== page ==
I think I've decided - the iPad just isn't for me. I move around too much. I'm an on-the-go type of guy, and for that I've already found my two trusty devices - my 12" netbook and my iPhone. Between the two, I have everything I need, but maybe that's the problem with all of us techies, tech writers and early adopters, us serious content creators and code-o-philes, looking at and reviewing these new devices: they're just not for us.
This post is part of a pro/con series written with ReadWriteWeb's Marshall Kirkpatrick, who argues that he waited a year to buy an iPhone, and this time, he's going to be first in line. Click here to read his counter-point article Life's Too Short: I'm Getting an iPad Right Away.
The iPad is for that 75% to 85% of the rest of the population, the couch sitters and TV watchers, the full-time employees who don't blog, code or anything of the sort. They watch videos, read articles, send quick notes to friends and family on Facebook, play some online Scrabble and call it a day. The iPad is for the average Internet user.
For me, the more technical, content creator type of user, the iPhone and netbook combination is where it's at. On the go, the iPhone can handle quick microblogging, photos, chatting, location-based services, video, information retrieval and even very basic content creation and interaction, with things like the Facebook app. Unlike the netbook, it's always on and readily available in my side pocket.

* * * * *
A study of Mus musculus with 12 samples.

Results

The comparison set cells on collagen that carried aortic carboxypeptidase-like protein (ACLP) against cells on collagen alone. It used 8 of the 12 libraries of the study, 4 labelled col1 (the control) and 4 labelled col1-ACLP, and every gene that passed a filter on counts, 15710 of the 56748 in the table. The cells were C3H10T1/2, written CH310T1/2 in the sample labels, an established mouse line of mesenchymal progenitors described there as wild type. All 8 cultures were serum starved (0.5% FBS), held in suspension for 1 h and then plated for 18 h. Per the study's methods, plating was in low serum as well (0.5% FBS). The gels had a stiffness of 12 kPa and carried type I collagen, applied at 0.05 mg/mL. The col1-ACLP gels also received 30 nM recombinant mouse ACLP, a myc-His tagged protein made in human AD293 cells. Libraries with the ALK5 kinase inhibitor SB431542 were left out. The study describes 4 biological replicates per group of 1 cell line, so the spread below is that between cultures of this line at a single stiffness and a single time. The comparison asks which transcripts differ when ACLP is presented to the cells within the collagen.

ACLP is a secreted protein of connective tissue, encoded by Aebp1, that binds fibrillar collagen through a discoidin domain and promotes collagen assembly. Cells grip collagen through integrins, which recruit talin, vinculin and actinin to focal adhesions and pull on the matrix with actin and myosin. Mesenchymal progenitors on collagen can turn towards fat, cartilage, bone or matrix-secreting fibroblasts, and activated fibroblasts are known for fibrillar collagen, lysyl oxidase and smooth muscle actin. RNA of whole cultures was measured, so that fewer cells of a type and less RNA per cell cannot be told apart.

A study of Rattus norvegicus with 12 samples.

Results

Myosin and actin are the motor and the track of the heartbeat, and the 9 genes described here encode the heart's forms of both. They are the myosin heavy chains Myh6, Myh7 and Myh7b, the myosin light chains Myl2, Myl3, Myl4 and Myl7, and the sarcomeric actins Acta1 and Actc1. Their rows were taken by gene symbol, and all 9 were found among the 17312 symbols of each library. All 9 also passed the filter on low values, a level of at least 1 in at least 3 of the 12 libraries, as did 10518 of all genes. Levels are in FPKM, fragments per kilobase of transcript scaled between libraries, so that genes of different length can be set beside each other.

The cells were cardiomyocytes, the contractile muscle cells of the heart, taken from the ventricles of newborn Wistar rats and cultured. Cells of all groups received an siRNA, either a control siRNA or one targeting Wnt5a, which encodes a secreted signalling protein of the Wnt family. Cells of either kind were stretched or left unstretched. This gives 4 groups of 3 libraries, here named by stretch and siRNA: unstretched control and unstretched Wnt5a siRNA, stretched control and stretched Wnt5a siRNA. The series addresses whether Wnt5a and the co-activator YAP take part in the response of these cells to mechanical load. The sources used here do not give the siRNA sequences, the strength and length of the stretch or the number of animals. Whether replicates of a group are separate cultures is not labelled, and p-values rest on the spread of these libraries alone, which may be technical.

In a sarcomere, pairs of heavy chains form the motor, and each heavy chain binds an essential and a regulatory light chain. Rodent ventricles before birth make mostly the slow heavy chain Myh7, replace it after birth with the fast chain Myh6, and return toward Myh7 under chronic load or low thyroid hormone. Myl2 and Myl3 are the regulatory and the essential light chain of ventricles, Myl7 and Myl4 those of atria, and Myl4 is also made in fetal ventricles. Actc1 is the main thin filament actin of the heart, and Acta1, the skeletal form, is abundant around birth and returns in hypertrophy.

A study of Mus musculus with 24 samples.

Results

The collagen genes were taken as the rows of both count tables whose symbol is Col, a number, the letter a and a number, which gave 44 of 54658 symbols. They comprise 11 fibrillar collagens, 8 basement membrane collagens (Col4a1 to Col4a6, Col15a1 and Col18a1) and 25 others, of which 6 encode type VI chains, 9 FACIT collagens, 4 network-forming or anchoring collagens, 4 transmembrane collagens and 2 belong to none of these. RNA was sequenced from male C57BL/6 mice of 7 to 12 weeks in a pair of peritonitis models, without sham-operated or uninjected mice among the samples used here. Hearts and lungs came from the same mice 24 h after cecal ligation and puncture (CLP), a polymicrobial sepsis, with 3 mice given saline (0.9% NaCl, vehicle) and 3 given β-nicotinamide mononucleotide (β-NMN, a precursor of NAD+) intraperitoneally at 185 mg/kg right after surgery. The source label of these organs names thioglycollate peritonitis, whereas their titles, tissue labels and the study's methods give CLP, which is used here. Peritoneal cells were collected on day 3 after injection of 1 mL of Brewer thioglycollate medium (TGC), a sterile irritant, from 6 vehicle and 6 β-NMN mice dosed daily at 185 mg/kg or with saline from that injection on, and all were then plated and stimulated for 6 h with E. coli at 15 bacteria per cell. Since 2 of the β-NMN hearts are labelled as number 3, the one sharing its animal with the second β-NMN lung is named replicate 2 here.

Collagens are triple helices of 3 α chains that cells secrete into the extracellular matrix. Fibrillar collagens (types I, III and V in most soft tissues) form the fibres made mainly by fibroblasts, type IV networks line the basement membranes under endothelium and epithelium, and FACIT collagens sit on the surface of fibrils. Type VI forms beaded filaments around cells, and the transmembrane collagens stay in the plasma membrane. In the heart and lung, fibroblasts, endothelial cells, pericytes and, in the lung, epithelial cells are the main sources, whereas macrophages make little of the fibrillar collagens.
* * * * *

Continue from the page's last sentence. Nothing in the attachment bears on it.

The netbook is the perfect compliment to the iPhone. It weighs three pounds, is about an inch thick at its widest point, and it has a few of my favorite, most used features - a mouse (with both a right and left button), a keyboard (nearly full-sized, even), a web cam (though I'm not personally big for being on camera) and multitasking. If I'm going to actually sit myself down and get on the Internet, I'm going to be doing five things at once, likely typing like a madman the whole while. I'm cutting and pasting, switching from one app to another, one tab to another, and editing photos along the way.
So my question becomes, where does the iPad fit into this equation? The answer for me is "nowhere".
But I certainly don't think that the answer is "nowhere" for all of us.
The iPad will make the perfect coffee table item, the ideal traveling media center and the great reading-on-the-train-to-work solution. It will be an always-on device that you reach for quickly, when you want to know a mid-conversation answer or you're sitting around watching TV and want to visit the website that just popped on screen.
But, until it will compete with my netbook, as Steve Jobs so aptly pointed out it wasn't going to do, it won't be doing anything for me.